RIT and Seneca Park Zoo Society to host Great Lakes Plastic Cleanup event at the Port of Rochester

The event will showcase new plastic pollution cleanup technology

Elizabeth Lamark

An RIT student conducts research using a LittaTrap. The technology will be on display at the Port of Rochester during a Great Lakes Plastic Cleanup at the Port of Rochester on Saturday, April 15.

Rochester Institute of Technology and the Seneca Park Zoo Society will hold a special event at the Port of Rochester from 10 a.m. to noon on Saturday, April 15, to educate members of the public on how they can address plastic pollution and showcase some of the latest technology in the field.

The event is made possible through partnerships with the Great Lakes Plastic Cleanup (GLPC), Monroe County, the City of Rochester, and through funding and support provided by the National Oceanic and Atmospheric Administration’s (NOAA) Marine Debris Program and New York Sea Grant.

The GLPC, a joint effort between the bi-national Council of the Great Lakes Region (CGLR) and Pollution Probe, is the first of its kind using innovative technology to remove plastics and other debris at sites across the region, including in Rochester. The litter collected will be analyzed and categorized, and valuable data will be gleaned to help protect the Great Lakes region, now and for future generations.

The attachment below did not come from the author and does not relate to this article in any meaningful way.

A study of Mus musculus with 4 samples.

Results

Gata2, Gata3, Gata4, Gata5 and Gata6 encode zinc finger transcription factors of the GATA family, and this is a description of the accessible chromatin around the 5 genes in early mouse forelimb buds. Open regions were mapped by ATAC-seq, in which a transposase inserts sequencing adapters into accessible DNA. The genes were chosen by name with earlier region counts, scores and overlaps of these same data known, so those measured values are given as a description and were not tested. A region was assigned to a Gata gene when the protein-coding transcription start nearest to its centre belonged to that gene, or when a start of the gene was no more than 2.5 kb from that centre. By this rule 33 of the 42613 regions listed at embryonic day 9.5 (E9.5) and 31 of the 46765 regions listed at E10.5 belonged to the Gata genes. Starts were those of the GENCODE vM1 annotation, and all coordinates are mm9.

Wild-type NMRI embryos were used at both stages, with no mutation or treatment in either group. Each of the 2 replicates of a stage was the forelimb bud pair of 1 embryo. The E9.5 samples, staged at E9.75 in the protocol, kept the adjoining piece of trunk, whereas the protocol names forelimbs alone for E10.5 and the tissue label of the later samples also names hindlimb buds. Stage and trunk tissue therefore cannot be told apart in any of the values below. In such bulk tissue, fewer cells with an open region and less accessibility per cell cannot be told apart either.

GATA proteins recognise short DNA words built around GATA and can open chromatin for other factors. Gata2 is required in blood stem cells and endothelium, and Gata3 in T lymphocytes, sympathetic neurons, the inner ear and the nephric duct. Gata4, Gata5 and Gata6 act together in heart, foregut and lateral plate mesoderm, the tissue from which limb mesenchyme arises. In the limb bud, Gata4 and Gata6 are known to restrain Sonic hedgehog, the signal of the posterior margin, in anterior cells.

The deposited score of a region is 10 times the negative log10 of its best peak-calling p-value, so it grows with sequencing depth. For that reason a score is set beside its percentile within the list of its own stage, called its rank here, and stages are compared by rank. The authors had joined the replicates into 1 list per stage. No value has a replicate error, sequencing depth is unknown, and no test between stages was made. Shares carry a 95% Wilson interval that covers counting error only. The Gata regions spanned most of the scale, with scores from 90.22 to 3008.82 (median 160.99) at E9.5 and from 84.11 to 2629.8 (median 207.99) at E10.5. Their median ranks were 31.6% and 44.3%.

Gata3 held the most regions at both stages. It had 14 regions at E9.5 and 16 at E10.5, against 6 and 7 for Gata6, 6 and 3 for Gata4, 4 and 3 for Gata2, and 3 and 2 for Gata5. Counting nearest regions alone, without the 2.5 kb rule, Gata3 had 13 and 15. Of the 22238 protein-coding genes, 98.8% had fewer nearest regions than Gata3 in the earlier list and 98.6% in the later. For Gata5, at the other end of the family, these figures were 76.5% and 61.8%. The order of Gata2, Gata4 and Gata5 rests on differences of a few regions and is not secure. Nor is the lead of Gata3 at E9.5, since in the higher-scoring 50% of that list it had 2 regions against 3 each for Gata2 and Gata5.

Professor Christy Tyler from the Thomas H. Gosnell School of Life Sciences and Associate Professor Matthew Hoffman from the School of Mathematical Sciences secured two NOAA Marine Debris Program awards to investigate plastic waste entering the Great Lakes and develop prevention and removal measures. Tyler said attendees will be able to help clean up litter in the area, see demonstrations of plastic cleanup technology, and get educational materials about plastic pollution.

“We are excited to speak with the public about some of the innovative ways we are studying and cleaning up plastic pollution in our local waterways,” said Tyler. “RIT is becoming a hub for plastic pollution research, and we look forward to showcasing new pieces of technology like Seabins and LittaTraps that are helping us address, analyze, and prevent pollution.”

The Seabin is a trash skimmer designed to be installed in the water of marinas, yacht clubs, and ports. The clean tech unit acts as a floating garbage bin, skimming the surface of the water by pumping water into the device. The Seabin can intercept floating debris, macro and micro plastics, and even microfibers, with an additional filter.

The Enviropod LittaTrap is a patented catch basin basket that sits inside the stormwater drain and prevents litter and other debris carried by stormwater from entering the storm sewer system. The trap’s mesh basket is designed to capture and retain 100 percent of plastic and other debris over 5 millimeters.

“We are very pleased to partner with RIT and the Seneca Park Zoo as part of the Great Lakes Plastic Cleanup,” said Mark Fisher, president and CEO, Council of the Great Lakes Region. “Through this collaboration, we will be able to capture and remove more plastics from local waterways as well as learn more about potential sources and pathways so that we can implement solutions that will forge a future without plastic waste and pollution.”

Tyler, Hoffman, Environmental Education Specialist Kaeti Stoss, Seneca Park Zoo Society naturalists, and RIT students will be on hand to speak with attendees about their research. The Seneca Park Zoo Society will host a clean-up event following the presentation. The event is free and open to the public.